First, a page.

If the unexpected happens and you need to stop making your student loan payments, the best thing to do is not ignore the situation. So, how do you handle it? You contact your lender, explain your situation and ask what options may be available. One option they may offer you is a forbearance.
A forbearance is a period during which your monthly loan payments are suspended or reduced. If you are unable to make payments due to financial hardships, this option could help you to avoid having a past due balance and risk damaging your credit.
During a forbearance period, interest may continue to accrue on your loan. This interest is added to your principal balance. This could impact the amount you have to repay over the life of your loan. If you’re able to make smaller payments to at least cover the interest, you may reduce that impact. Bank of North Dakota’s Interest Accrual Calculator estimates the amount of interest that may accrue while payments are postponed.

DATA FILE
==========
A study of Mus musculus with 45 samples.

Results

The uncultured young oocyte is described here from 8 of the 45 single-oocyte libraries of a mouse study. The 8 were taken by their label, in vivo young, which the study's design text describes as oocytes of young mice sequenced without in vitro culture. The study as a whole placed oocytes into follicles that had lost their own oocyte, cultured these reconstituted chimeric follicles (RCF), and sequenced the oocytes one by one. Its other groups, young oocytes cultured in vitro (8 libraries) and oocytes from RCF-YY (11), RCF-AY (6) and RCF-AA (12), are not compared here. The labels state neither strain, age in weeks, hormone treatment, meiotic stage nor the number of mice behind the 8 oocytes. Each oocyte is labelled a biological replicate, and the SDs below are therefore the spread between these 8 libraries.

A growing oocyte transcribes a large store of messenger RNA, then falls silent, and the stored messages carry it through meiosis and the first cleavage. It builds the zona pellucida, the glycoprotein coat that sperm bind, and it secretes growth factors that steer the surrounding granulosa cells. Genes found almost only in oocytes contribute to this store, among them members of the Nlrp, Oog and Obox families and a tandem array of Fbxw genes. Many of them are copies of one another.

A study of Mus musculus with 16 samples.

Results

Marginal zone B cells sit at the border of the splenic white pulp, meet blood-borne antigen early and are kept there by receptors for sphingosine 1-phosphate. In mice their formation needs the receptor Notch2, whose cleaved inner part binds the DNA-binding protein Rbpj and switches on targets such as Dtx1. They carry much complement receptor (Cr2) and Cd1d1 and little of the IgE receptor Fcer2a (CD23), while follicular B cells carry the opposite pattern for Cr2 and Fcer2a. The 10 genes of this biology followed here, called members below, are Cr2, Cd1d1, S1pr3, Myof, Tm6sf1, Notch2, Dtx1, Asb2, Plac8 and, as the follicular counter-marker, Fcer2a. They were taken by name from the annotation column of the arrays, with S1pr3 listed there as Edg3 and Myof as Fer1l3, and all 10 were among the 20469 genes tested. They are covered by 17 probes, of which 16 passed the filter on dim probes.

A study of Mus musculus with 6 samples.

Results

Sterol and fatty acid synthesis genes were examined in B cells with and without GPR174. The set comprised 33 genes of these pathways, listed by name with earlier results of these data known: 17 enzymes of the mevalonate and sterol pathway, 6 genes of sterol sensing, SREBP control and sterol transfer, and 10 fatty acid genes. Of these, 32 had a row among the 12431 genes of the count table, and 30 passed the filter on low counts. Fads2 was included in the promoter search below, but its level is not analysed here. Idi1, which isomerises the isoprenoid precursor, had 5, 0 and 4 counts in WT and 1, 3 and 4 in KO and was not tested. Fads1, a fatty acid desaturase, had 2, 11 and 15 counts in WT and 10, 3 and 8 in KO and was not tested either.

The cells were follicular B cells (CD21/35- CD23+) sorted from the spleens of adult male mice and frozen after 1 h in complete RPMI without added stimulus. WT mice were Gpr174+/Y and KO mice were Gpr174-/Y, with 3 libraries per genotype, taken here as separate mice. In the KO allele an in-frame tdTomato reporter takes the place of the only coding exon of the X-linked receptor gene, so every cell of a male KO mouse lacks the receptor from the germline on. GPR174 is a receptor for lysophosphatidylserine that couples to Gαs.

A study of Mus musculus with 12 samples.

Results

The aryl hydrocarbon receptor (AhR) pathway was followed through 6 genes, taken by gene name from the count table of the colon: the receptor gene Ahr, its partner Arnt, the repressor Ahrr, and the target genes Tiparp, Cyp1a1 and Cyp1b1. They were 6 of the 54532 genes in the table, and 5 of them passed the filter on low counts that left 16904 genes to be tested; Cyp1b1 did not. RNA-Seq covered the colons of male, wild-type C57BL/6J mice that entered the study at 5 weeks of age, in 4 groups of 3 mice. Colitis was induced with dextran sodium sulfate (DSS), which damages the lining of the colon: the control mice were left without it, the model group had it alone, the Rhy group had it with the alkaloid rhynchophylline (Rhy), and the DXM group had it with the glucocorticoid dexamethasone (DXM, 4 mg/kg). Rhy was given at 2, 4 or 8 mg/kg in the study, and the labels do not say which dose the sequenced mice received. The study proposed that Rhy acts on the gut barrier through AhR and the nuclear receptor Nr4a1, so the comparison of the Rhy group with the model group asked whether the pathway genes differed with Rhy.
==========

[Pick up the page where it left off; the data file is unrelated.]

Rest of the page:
Have federal student loans?
In addition to multiple types of forbearances including general and mandatory, you may be eligible for an income-driven repayment plan or deferment. These options are all unique in how they may impact your loan.
Don’t confuse a forbearance with a deferment!
Yes, there is a difference. If you have an eligible type of federal student loan and you qualify for a deferment, you may not be responsible for paying the interest that accrues during that period. You must also meet certain criteria for deferments. Forbearances are granted at the lender’s discretion.
Regardless of what’s causing your hardship, the most important thing is to not ignore the situation. Also remember to continue making payments until you know if your lender granted you a forbearance. Because you won’t make as much progress in repaying your loan while on forbearance, you may want to consider stopping your forbearance early if you can start making regular payments sooner.